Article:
When Lee Elder stands at parade rest on a golf course, waiting for some foe to play, he seems to wear a perpetual wolfish grin.
That's just about right because these days, Elder is happy and hungry.
For the first 50 years of his life, Elder figured he'd been born at the wrong time. Blacks weren't allowed on the PGA Tour until 1963, and by the time Elder arrived, in 1968 at the advanced age of 34, he was still considered a racial pioneer in his sport.
When Elder finally won a PGA event, he was 40. Next, he integrated the Masters in 1975. And in '76 he became the first black to win $100,000 in a season. But, always, Elder fought under the handicap of making up for lost time.
The record book says Elder won a million dollars on Tour. Which sounds great. Until you divide the total by 16 seasons, 500 hotel bills, 3,000 meals in restaurants and hundreds of airline fares. Without fancy sponsors or endorsements, he basically broke even.
By the '80s, his well was running dry. "Lee was making a decent living," said his wife Rose, bread winner No. 2 in the family, "but we weren't exactly stashing much away."
Then, 18 months ago, Elder celebrated his 50th birthday. How he celebrated.
Since then, counting the $28,500 check he received Sunday for a second-place finish, Elder has won just a few bucks less than half a million dollars on the new and booming Senior Tour.
"Seems like Lee Elder's like wine. He's getting better with age. But a lot harder to beat," said Gary Player, who won the PGA Seniors Championship Sunday afternoon, but not before seeing Elder cut his lead from nine shots to two over the final two rounds.
"This is really the first time in his life that Lee has been able to complete against his peers with no disadvantage," said Rose Elder.
"Sometimes," said Elder, "you're born at just the right time."
Just as Senior purses got big, but while the level of competition was still manageable, Elder turned 50.
"If it weren't for the Senior Tour, I'd be retired and home in Washington (running) a pro shop," said Elder.
Instead, he has won six Senior events, including four last season, when he collected $307,795 to finish No. 2 on the money list. Can't do much better than that. Except Elder is. This year, he's No. 1 with $63,066.
"What irritates me is people who say, 'What's Lee Elder doing with all this money he's winning?' " Rose Elder said. "He's playing catchup. He's paying his house note like everybody else."
To know how hungry Elder is, you only have to listen to him talk. And look at his tummy.
"I played awful lousy on the front nine today," said Elder, after a 39-32 -- 71 for 283 that was actually one of the best scores on a blustery day. "My irons shots weren't holding the green when I landed them back by the pins."
When others might have conceded, trailing the legendary Player by five shots at the turn, Elder birdied the 10th, 11th, 14th and 17th holes -- the last with a 30-foot putt. "I put pretty good pressure on him, but he wouldn't crack. That's why he's who he is," Elder said.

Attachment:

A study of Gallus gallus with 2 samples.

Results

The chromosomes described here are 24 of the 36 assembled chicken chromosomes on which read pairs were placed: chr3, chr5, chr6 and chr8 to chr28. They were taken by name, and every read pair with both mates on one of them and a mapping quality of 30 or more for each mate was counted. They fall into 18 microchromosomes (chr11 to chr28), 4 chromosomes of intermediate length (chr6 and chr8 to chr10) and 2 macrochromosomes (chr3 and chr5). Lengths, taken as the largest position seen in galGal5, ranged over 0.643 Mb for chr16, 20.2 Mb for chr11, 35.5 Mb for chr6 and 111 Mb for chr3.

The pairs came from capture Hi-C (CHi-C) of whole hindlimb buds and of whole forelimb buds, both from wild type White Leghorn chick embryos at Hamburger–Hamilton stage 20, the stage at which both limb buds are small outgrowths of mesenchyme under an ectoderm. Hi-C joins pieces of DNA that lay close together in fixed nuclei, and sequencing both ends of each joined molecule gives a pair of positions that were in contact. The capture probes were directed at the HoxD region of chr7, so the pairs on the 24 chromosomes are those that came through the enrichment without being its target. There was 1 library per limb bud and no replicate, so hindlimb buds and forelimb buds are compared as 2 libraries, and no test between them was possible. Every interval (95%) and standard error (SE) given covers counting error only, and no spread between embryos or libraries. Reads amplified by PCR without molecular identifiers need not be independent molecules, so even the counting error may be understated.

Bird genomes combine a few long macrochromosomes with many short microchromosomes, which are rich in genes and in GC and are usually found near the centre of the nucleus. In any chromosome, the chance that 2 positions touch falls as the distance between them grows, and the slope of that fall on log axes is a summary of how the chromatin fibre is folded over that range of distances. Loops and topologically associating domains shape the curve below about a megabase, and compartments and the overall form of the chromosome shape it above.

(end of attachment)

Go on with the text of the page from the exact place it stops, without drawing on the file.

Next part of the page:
For Elder, this is just the beginning of what, from a financial point of view, will probably be his real career. "He'd like to play 10 years," Rose Elder said.
"As long as I can stay in good physical condition," he said.
That could be the problem.
"Lee needs to lose about 30 pounds," said his wife. "The doctor keeps reminding him that he has back (disc) and knee problems and those will only get worse if he stays heavy.
"But I've tried to stop nagging him. If there's Haagen-Dazs ice cream in town, or cake, Lee will find it. He tells me, 'We've reached the point in life where we should be able to enjoy a few things. If we don't do it now, when are we going to?' And I think his reasoning may be better than mine."
"When it settles in the old bread basket, it's hard to get rid of," Elder said. Nonetheless, Senior scourge might look on that midaged spread as a million-dollar belly ache. That's how much a premature end to his effectiveness might cost him.
Just a few days ago, it looked like Elder might have another liability. The Senior Tour policy board decided that, starting in 1987, golf carts would be banned, even for players with legitimate medical excuses. Elder may not be elderly yet, but he loves his cart.
This week, however, the old folks have had a testy little revolt, voting overwhelmingly to petition the board to leave those sacred carts alone. It's a lovely comic little war.
Arnold Palmer is the king of the anti-cart movement, lamenting the loss of glamor and athleticism attendant on watching old men "come flying down the fairway in carts while the gallery is left behind."
Aligned against him is, well, just about everybody. Said Chi Chi Rodriguez, "If FDR could run the country from a wheelchair, Sam Snead should be able to ride a golf cart."
"A couple of the better players don't like the idea of Lee beating them from a cart," said Rose Elder. "Well, they better get used to it, that's all I can tell 'em. The players took a vote the other day and only four of them were in favor of banning the carts -- Palmer, Don January, Miller Barber and Dow Finsterwald."
Name those names, Rose. Don't let 'em hassle your man.
"Don't make someone else suffer for what you want to do," Lee Elder said, defending mechanized golf. "In the long run, I think this petition will take care of the problem. After they see how much they're outnumbered, maybe they'll agree with us.
"Maybe they'll even ride."
Lee Elder smiled again. Don't bet that he won't be riding roughshod over that Senior Tour for a long time. Maybe he can even ride that cart up to the drive-thru window at the bank.